Climate History Network

A network of interdisciplinary scholars studying past climate change

Journal of Interdisciplinary History special issue on the Little Ice Age

JIHThe Journal of Interdisciplinary History has dedicated its latest issue to the Little Ice Age.  The JIH, which featured a seminal discussion of climate in history three decades ago, now features a forum with four new articles on the topic: The first, by economic historians Kelly and Ó Grada, questions whether there was a Little Ice Age at all, arguing that certain documentary series in Europe do not show clear breaks or cycles in temperature, and that many common images of the LIA are not proof of significant cooling.  The second, by Sam White, points to serious shortcomings in Kelly and Ó Grada’s arguments, and outlines the case for the LIA based on proxy data and phenology.  It emphasizes that even though the periodization of the LIA is problematic, the phenomenon remains real and consequential.  Another review of Kelly and Ó Grada, by Büntgen and Hellman, provides further discussion of the now extensive proxy evidence for early modern global cooling on each continent.  The final piece in the forum is Jan de Vries’s review article of Geoffrey Parker’s recent book Global Crisis (Yale UP: 2013).  De Vries praises the work for its wide-ranging and lively narrative but questions whether Parker has answered difficult questions of economic history and the “great divergence.”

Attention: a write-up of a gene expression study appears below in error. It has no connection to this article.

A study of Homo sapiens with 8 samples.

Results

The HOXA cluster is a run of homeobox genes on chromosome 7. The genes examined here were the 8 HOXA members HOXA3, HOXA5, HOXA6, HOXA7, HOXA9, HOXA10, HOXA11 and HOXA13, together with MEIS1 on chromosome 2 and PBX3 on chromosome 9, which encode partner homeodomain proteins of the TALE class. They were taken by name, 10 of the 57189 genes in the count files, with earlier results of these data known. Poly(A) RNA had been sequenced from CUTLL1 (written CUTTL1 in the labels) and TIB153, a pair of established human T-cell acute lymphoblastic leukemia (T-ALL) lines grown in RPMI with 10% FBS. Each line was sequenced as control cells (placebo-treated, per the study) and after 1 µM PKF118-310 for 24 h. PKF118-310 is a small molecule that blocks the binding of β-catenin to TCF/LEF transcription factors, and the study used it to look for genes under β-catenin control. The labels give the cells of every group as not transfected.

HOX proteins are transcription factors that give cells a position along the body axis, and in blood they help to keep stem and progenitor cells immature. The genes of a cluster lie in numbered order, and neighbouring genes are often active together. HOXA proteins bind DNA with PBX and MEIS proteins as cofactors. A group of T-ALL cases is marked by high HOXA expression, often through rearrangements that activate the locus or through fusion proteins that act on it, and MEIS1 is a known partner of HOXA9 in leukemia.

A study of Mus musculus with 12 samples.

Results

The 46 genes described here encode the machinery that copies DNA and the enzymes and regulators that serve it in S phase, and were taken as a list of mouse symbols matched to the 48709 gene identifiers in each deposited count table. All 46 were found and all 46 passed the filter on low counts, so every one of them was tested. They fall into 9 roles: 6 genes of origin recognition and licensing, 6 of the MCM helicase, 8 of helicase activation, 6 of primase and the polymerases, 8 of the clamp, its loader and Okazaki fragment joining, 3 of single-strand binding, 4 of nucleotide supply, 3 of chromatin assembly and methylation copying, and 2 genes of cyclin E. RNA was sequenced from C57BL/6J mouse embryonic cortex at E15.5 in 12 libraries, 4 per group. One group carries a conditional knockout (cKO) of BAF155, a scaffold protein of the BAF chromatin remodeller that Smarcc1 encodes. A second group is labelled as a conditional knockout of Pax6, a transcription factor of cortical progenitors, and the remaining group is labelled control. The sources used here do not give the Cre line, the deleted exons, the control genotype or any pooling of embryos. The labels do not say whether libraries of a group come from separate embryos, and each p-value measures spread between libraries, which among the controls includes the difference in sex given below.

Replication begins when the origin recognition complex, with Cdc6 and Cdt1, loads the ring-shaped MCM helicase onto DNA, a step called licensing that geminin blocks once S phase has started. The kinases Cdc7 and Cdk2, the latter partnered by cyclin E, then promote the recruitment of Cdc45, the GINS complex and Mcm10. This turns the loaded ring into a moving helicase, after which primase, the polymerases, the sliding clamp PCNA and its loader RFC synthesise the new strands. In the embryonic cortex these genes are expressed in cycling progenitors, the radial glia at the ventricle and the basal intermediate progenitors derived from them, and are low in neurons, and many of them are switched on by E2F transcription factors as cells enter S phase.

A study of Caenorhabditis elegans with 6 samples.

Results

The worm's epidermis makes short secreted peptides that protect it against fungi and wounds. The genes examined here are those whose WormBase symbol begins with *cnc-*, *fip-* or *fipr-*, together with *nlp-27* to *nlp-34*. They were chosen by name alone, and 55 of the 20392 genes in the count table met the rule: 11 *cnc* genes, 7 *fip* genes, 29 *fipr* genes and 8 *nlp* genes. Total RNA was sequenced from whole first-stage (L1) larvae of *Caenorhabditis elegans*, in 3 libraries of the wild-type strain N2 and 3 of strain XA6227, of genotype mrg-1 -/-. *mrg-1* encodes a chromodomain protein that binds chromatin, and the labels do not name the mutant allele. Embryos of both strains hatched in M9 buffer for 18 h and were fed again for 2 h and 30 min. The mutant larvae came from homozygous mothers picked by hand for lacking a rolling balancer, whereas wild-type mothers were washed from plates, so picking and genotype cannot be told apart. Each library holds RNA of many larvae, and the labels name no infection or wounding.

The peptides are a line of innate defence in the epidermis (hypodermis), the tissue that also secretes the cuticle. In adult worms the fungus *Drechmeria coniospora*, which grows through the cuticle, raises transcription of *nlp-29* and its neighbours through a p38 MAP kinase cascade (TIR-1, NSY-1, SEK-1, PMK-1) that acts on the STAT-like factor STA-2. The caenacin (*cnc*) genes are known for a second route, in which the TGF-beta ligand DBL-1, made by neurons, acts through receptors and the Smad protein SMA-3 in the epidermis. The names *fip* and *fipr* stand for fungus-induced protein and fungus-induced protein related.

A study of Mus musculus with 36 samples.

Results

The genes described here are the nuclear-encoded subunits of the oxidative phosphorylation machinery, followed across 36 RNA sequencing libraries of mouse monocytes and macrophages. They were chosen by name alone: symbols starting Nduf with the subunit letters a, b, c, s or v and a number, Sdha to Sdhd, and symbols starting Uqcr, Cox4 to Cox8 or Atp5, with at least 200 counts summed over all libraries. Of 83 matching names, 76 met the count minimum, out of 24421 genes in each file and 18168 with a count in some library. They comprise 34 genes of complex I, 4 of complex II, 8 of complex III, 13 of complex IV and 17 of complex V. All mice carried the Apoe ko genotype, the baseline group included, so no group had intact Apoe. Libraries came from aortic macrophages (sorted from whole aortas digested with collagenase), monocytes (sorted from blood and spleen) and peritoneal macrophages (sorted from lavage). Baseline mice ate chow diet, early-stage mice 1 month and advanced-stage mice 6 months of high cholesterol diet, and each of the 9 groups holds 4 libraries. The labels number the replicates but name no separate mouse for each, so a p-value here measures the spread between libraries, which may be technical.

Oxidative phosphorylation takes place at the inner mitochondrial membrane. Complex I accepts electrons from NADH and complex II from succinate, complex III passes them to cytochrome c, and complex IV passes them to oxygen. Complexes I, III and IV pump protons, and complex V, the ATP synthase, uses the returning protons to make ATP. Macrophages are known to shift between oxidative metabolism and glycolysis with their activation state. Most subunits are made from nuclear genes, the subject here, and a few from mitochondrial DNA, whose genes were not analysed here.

The editors’ summary is available online here.

Morgan Kelly and Cormac Ó Gráda, “The Waning of the Little Ice Age: Climate Change in Early Modern Europe,” Journal of Interdisciplinary History 44 (2013): 301–25, doi:10.1162/JINH_a_00573.

Sam White, “The Real Little Ice Age,” Journal of Interdisciplinary History 44 (2013): 327–52, doi:10.1162/JINH_a_00574.

Ulf Büntgen and Lena Hellmann, “The Little Ice Age in Scientific Perspective: Cold Spells and Caveats,” Journal of Interdisciplinary History 44 (2013): 353–68, doi:10.1162/JINH_a_00575.

Jan de Vries, “The Crisis of the Seventeenth Century: The Little Ice Age and the Mystery of the ‘Great Divergence,’” Journal of Interdisciplinary History 44 (2013): 369–77, doi:10.1162/JINH_a_00576.